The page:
Facing off

Facing off
Sure, that Buff may look cool and be convenient, but it you’re wearing it to ward off COVID cooties, you might be better off in the buff. A new study by Duke University found that while some cotton cloth masks are almost as effective as surgical masks, thin polyester gaiters may be worse than no mask at all.

Using a simple method that employed lasers and a cell phone camera to track particles released from a person’s mouth when speaking, researchers analyzed 14 different facial coverings ranging from N95s to bandanas.

“We were able to actually count the number of particles,” study co-author and Duke physics professor Warren S. Warren, told the Washington Post. “There’s a lot of controversy and people say, ‘Well, masks don’t do anything.’ Well, the answer is some don’t, but most do.”

A fitted N95 mask was found to be the most effective. Meanwhile, a gaiter described as a “neck fleece” made out of polyester spandex, ranked worse than the no-mask control group. The gaiters produced a high droplet count, possible due to the porous fabric breaking up bigger particles into many little ones, which hang around in the air longer. This makes wearing some gaiters possibly “counterproductive,” researchers said. “The exact reason why they’re so convenient, which is that they don’t restrict air, is the reason why they’re not doing much of a job helping people,” Warren said.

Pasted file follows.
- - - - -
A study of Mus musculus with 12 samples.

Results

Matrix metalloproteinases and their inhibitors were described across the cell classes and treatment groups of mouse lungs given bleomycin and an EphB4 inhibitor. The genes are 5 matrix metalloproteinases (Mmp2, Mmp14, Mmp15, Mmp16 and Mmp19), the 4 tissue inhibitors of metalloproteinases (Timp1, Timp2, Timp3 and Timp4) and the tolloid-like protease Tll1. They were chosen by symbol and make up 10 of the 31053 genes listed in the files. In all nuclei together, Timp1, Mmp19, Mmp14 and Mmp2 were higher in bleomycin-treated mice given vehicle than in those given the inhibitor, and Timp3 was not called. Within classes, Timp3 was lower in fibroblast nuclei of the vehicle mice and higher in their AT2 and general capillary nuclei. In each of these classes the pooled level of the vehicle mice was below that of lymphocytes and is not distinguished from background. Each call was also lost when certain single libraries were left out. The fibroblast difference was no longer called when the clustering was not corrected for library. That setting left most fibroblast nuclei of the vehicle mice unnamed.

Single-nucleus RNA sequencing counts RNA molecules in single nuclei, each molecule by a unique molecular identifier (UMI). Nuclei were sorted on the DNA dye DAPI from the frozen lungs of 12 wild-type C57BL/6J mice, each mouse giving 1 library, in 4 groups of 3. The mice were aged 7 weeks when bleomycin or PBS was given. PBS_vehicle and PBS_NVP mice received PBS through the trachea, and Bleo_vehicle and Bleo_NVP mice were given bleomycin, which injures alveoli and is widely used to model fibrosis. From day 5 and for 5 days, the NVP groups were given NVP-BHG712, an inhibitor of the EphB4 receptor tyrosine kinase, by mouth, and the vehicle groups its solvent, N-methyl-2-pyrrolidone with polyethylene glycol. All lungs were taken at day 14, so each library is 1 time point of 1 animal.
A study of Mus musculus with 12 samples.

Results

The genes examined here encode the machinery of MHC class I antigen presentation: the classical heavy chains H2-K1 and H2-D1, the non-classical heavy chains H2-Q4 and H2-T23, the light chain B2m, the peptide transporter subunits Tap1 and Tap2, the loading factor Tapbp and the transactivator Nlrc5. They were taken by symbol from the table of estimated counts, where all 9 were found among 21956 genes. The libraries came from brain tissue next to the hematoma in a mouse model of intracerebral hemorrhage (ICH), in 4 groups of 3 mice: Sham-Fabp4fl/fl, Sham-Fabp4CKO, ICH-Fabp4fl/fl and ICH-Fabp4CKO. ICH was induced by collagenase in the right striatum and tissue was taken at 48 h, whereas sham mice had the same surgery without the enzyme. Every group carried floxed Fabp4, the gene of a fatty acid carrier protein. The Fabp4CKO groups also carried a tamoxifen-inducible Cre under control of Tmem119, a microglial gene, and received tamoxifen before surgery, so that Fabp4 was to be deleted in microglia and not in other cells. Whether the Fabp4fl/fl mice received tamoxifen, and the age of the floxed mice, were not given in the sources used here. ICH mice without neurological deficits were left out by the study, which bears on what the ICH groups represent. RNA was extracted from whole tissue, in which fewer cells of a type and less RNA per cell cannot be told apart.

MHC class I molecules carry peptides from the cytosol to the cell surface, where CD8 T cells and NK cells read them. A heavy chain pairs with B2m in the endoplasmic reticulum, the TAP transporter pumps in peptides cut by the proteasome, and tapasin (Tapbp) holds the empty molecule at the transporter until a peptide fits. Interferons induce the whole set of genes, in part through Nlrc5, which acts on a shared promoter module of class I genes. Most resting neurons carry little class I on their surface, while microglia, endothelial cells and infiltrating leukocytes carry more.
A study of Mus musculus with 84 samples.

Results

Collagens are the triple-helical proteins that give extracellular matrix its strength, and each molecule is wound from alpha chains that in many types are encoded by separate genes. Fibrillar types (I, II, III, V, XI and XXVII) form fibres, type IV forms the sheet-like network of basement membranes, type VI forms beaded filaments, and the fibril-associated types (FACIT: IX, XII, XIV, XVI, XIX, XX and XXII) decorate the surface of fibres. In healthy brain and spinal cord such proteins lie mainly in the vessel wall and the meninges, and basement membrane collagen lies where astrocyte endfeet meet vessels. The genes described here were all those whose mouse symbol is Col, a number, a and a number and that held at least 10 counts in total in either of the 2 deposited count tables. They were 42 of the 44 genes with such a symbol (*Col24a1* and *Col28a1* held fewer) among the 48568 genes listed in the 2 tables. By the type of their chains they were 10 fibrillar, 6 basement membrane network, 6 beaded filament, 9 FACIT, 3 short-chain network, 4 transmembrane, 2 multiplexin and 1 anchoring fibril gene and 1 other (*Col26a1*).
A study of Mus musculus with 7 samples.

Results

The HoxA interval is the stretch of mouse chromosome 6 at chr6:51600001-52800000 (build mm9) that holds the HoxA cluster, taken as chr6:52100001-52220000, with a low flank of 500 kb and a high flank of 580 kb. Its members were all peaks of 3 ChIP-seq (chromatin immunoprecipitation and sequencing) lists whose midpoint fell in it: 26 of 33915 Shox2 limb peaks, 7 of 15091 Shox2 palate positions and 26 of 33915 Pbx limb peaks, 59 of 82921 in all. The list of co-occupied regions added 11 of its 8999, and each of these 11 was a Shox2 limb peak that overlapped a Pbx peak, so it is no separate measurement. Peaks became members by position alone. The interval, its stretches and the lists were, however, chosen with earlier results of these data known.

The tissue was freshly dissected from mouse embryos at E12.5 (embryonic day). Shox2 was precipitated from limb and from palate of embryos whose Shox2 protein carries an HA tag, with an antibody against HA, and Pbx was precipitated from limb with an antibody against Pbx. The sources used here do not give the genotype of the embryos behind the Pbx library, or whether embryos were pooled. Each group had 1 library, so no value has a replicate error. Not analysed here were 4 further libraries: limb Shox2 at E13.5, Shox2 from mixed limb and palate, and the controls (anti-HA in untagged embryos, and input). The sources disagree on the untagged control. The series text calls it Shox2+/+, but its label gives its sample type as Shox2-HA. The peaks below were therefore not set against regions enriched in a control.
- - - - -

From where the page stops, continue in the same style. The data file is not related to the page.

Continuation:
For its part, Buff issued a statement in April emphasizing that its products are not scientifically proven to protect against the coronavirus. “Buff performance head and neckwear are not intended to be used as medical-grade face masks or as a replacement for N95 respirators,” the statement said.

Another neck gaiter manufacturer, however, cautioned against writing off every variation of the face covering. “All gaiters are not created equal,” Chris Bernat, co-founder of South Carolina-based Vapor Apparel, told the Post. Although the study did not give specifics about the material of the gaiter tested, Bernat raised doubts. “Chances are it was a lower-quality fabric,” he said.

Other types of face coverings that fall into the “counterproductive” category are bandanas, knitted masks and N95 mask with exhalation valves. “Those relief valves are fantastic if what you want to do is protect yourself from the outside,” Warren said. “If what you’re trying to do is protect the outside world from you, it completely defeats the purpose.”

Warren encouraged people to assess face coverings with their own basic test. “If you can see through it when you put it up to a light and you can blow through it easily, it probably is not protecting anybody.”